Barclays’ credit rating was cut two notches, while HSBC and RBS each had a notch knocked off their ratings.
In a separate but concurrent announcement, Lloyds also had its rating downgraded by one notch.
The move had been widely expected throughout yesterday evening, but nonetheless threatens to cost the world’s biggest lenders billions in extra borrowing and collateral costs.
The Dow Jones in New York endured its second worst day of the year, with some banks closing down on fears of an impending downgrade from Moody’s.
“I expect the FTSE will open down this morning by around 50 points,” commented Joshua Raymond of City Index late last night.
There was some relief after the announcement for Morgan Stanley, however, which saw its rating cut by just two notches – a less severe verdict than the three-notch cut that Moody’s had previously threatened.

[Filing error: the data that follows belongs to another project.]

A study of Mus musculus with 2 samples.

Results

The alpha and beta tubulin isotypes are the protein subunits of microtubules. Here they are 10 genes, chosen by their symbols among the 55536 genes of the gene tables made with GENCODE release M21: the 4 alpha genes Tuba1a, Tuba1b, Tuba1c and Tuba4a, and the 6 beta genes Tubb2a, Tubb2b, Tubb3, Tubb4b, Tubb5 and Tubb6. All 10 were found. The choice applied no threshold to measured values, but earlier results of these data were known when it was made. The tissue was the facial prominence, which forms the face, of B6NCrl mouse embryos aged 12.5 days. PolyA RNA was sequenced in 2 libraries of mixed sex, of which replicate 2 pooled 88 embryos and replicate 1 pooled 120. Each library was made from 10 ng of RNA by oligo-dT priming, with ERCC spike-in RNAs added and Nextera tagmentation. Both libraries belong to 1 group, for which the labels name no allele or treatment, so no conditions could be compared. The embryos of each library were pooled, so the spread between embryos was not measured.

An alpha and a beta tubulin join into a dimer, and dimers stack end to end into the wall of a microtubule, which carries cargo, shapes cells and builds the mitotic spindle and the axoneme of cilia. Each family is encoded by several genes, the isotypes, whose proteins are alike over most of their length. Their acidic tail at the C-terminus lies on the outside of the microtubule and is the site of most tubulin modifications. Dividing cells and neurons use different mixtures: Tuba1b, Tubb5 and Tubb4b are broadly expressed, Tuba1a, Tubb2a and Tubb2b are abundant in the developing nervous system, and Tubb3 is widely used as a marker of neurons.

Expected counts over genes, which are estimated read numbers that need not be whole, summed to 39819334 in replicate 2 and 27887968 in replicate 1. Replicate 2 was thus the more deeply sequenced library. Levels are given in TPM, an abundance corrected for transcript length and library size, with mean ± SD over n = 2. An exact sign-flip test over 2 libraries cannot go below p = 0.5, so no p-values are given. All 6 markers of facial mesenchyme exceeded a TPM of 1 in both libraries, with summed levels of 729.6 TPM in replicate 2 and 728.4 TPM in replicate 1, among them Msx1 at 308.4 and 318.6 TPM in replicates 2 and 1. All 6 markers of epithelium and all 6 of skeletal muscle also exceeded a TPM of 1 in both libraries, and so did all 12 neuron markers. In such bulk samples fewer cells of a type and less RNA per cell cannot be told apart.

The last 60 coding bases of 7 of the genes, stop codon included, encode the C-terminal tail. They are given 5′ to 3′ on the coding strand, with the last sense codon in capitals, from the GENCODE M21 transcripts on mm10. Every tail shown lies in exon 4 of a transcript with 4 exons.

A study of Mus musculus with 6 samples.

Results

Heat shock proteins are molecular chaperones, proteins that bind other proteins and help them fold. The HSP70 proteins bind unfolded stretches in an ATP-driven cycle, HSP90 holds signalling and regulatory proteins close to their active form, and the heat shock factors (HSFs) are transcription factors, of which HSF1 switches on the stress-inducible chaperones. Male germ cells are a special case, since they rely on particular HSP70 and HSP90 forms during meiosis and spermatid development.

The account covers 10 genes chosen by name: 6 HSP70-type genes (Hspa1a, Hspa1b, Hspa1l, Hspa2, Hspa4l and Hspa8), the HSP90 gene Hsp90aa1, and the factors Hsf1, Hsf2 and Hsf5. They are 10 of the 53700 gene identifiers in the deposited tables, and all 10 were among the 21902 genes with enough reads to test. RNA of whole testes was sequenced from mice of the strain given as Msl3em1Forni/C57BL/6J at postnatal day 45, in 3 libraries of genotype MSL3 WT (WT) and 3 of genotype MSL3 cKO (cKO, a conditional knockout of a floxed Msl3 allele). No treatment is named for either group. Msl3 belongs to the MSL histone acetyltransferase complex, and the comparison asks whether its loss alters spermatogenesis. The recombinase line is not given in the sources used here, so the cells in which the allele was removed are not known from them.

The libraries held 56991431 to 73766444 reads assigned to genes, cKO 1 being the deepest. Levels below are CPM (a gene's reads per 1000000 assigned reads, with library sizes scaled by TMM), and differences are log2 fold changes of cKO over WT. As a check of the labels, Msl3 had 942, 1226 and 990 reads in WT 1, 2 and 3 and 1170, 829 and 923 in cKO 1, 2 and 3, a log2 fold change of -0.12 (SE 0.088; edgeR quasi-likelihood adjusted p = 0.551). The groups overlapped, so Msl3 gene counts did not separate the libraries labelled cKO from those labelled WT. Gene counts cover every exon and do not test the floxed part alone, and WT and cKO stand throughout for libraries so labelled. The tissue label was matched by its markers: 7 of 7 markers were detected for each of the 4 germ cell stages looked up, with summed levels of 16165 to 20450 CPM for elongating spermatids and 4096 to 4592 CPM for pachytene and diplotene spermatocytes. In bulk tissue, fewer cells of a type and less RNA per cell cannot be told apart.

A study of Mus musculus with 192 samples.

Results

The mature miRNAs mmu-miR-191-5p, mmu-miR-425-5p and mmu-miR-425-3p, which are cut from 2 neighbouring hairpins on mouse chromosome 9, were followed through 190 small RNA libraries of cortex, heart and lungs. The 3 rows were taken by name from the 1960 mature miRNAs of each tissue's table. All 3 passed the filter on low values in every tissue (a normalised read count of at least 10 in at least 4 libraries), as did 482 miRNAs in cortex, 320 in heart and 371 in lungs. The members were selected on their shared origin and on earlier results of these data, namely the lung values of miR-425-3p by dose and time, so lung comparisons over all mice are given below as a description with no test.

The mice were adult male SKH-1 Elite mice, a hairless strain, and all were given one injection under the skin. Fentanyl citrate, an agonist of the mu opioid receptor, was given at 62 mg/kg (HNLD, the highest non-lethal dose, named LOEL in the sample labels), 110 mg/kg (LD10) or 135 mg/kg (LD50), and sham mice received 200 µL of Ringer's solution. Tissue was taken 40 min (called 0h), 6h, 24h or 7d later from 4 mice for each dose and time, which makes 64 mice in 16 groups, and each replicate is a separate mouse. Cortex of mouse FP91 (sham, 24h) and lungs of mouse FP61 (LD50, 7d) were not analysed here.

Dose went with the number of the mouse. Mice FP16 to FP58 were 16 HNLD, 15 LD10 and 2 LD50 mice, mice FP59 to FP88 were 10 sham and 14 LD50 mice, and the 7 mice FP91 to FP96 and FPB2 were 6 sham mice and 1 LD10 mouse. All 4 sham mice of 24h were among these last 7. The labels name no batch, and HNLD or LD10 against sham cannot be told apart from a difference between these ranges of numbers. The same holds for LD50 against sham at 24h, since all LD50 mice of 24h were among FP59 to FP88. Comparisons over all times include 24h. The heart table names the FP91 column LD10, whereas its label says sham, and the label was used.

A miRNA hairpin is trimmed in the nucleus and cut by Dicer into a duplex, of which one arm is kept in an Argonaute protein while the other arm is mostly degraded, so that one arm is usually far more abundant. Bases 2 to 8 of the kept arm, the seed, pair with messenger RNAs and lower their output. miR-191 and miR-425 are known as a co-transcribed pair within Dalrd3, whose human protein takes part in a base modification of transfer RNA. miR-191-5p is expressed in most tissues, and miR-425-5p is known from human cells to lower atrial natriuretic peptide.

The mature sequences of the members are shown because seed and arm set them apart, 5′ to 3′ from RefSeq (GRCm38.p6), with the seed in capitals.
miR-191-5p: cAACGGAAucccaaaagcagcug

Morgan Stanley shares gained just over three per cent in after hours trading, following the statement.
The harshest knock was dealt to Credit Suisse, which was listed as the only bank to be downgraded by three notches. The decision adds to a miserable fortnight for the lender, after the Swiss National Bank said last week that Credit Suisse must bolster its capital buffers more quickly.
“All of the banks affected by today’s actions have significant exposure to the volatility and risk of outsized losses inherent to capital markets activities,” warned Greg Bauer, a banking director at Moody’s.
Yet many banks are expected to publish retorts today, in a bid to defend their credit worthiness. Last night Lloyds was the first to react:
“We believe this change [to our credit rating] will have limited impact on our funding costs and market capacity,” Lloyds said. “It is important to note that Moody’s has confirmed that Lloyds’ short-term funding rating remains unchanged.”
RBS also hit back: “The group disagrees with Moody’s ratings change, which the group feels is backward-looking and does not give adequate credit for the substantial improvements... made to its balance sheet, funding and risk profile.”
Moody’s had announced in mid February that a review was underway into global investment banks’ ratings, arguing that existing ratings did not adequately take into consideration the more fragile funding conditions, wider credit spreads and increased regulatory burdens.